State asked to undo ruling on rent caps
A court decision that threw a wrench into affordable housing efforts in Colorado resort towns has produced a legislative remedy that is before the state Senate today.
Senate Bill 31, drafted in response to last year’s Colorado Supreme Court ruling in a Telluride case, is scheduled for debate on the Senate floor today, after passing by a 5-2 vote of the Senate Business, Labor and Finance Committee earlier this week. If it wins approval in the Senate, it will advance to the House.
The bill would amend the Colorado law that prohibits government-imposed rent controls on privately owned residences. The new provision would allow rent caps on units constructed as a condition of development approvals.
“It’s very important legislation for affordable housing needs across the state, and particularly for Aspen,” said Aspen Mayor Rachel Richards, who wrote a letter to the Senate committee in support of the bill.
Telluride Mayor Amy Levek testified before the committee.
The bill is sponsored by Sen. Kay Alexander, R-Montrose, and Penfield Tate, D-Denver. The Colorado Municipal League’s housing subcommittee drafted the legislation and recruited the sponsors to introduce the bill. Aspen City Councilman Tom McCabe has been active on the subcommittee. He is also a member of the Aspen-Pitkin County Housing Board, which has been grappling with the effects of the court ruling in the Telluride case.
In that case, the state’s high court struck down an ordinance that required builders to provide affordable housing for 40 percent of the employees generated by new development. The Telluride law violated the state law prohibiting cities and counties from controlling rents on private property, according to the court.
The impact of the ruling reached beyond Telluride, though. Aspen and Pitkin County have hundreds of privately owned units, built as housing mitigation for development, that had government-imposed limits on the rent owners may charge the tenants.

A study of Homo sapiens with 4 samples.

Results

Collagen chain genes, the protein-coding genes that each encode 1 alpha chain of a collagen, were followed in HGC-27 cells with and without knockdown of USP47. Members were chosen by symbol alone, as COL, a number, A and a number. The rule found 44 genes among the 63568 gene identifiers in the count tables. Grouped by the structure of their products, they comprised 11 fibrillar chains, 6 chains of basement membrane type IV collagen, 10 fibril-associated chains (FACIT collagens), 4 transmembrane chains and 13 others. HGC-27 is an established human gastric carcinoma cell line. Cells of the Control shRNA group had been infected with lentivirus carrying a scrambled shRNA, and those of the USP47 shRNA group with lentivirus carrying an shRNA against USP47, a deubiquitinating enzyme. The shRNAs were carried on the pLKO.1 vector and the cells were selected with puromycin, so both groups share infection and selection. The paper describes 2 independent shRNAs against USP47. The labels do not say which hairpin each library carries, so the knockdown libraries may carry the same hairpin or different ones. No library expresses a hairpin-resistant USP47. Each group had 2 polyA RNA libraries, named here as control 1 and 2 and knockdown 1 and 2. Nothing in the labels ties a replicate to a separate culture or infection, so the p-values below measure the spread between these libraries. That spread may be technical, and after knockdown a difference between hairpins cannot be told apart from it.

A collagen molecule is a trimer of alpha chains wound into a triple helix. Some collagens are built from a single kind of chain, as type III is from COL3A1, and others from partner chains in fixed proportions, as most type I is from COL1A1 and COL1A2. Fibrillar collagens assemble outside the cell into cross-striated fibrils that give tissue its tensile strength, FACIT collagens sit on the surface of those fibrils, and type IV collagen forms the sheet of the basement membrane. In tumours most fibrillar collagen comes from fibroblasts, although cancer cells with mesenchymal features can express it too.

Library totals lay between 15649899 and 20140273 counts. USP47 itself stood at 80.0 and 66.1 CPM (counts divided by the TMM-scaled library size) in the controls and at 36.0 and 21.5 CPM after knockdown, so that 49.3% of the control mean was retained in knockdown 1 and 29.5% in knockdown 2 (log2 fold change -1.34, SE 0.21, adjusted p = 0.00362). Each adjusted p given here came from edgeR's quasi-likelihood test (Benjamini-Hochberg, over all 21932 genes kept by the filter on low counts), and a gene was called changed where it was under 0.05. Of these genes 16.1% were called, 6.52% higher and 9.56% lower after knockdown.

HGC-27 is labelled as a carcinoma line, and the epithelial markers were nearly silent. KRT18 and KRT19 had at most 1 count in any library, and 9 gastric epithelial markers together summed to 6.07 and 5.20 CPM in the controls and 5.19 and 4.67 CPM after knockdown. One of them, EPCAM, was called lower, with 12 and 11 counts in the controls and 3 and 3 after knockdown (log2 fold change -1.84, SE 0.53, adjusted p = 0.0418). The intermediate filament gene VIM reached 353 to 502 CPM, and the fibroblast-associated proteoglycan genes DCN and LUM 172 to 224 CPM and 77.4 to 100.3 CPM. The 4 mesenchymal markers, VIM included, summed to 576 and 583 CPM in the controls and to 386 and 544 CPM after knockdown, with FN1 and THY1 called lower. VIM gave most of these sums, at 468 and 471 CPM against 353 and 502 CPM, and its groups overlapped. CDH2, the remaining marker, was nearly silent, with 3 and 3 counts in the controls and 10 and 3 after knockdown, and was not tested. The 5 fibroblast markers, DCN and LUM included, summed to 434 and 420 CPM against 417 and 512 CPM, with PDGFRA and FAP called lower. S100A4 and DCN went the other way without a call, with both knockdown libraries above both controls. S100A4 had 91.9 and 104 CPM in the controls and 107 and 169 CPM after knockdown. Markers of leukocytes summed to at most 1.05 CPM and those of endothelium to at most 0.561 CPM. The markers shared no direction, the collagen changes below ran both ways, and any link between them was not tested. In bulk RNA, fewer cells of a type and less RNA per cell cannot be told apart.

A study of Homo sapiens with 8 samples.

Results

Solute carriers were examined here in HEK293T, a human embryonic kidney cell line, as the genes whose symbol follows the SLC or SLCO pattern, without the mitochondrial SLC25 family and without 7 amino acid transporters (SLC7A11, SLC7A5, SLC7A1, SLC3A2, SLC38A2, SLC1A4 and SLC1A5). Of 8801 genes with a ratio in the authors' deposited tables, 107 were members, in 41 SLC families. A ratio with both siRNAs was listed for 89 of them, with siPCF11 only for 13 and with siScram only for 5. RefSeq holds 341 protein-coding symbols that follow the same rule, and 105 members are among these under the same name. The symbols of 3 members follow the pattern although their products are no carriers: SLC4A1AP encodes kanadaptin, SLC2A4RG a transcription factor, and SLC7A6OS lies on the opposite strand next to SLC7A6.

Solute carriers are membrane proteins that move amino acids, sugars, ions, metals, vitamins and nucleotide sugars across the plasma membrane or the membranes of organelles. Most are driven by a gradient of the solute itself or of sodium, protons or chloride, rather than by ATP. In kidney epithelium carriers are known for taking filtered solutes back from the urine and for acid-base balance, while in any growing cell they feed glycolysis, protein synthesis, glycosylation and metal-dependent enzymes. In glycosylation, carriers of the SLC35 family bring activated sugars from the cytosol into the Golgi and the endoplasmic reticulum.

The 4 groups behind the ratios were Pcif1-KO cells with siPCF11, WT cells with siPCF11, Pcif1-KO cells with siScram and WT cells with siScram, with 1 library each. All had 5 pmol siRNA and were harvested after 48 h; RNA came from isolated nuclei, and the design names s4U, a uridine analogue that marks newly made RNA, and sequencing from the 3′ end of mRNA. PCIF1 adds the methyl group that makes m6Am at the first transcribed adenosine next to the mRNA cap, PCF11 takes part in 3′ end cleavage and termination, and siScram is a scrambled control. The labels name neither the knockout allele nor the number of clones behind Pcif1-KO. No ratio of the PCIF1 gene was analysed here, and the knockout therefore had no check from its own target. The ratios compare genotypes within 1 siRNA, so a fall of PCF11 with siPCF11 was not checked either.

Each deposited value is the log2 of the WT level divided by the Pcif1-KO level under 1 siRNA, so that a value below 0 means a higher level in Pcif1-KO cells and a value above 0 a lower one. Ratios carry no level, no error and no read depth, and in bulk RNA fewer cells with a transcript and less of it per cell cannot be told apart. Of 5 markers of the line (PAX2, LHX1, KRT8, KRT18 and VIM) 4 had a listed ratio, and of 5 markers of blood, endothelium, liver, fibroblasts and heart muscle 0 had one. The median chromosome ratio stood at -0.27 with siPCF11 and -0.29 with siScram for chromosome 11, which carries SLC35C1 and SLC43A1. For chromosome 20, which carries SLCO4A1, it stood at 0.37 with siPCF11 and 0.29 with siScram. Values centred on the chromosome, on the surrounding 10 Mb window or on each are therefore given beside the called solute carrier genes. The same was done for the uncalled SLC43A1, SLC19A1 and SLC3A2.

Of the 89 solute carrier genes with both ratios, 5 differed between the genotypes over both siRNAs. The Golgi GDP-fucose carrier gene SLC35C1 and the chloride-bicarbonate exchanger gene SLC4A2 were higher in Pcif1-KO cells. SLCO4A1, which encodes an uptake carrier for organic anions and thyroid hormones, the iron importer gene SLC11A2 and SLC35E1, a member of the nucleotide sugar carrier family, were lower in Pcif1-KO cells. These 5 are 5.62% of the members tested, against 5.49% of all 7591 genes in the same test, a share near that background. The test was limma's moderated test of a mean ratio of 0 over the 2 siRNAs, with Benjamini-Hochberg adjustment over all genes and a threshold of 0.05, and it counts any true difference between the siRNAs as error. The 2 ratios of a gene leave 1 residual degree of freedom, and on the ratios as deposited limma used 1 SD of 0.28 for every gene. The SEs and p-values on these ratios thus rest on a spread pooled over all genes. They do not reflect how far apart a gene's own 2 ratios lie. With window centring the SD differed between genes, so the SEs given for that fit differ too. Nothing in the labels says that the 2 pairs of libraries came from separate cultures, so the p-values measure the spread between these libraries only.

“The affordability of a lot of units we already have is at stake,” Richards said.
The local Housing Authority has dealt with the ruling by requiring that it hold a small, undivided ownership interest in rental units that are built privately. The government ownership makes rent control on the units legal.
The better approach, said Richards, is to amend the state law to make its intent clear.
“The original court decision invited legislative action to clean this up,” she said.
The legislation would add new language to the state statute that prohibits rent control on private property by counties and municipalities.
The bill inserts an exemption to the statute for rent-controlled units built to furnish affordable housing as a condition of approval of developments. The new wording also makes clear that the state law does not prohibit “any state agency, county, municipality or housing authority to enter into and to enforce contracts to control rents on private residential housing.”
The Telluride ruling did not prevent governments from requiring the construction of deed-restricted affordable housing by developers. It only hampered government’s ability to require developers to provide rental housing, since there would be no guarantee a property owner would offer the units at a price affordable to local workers.
Privately built units that are sold to qualified workers at restricted prices and all rental and sale housing built by public entities, like the Aspen-Pitkin County Housing Authority, were unaffected.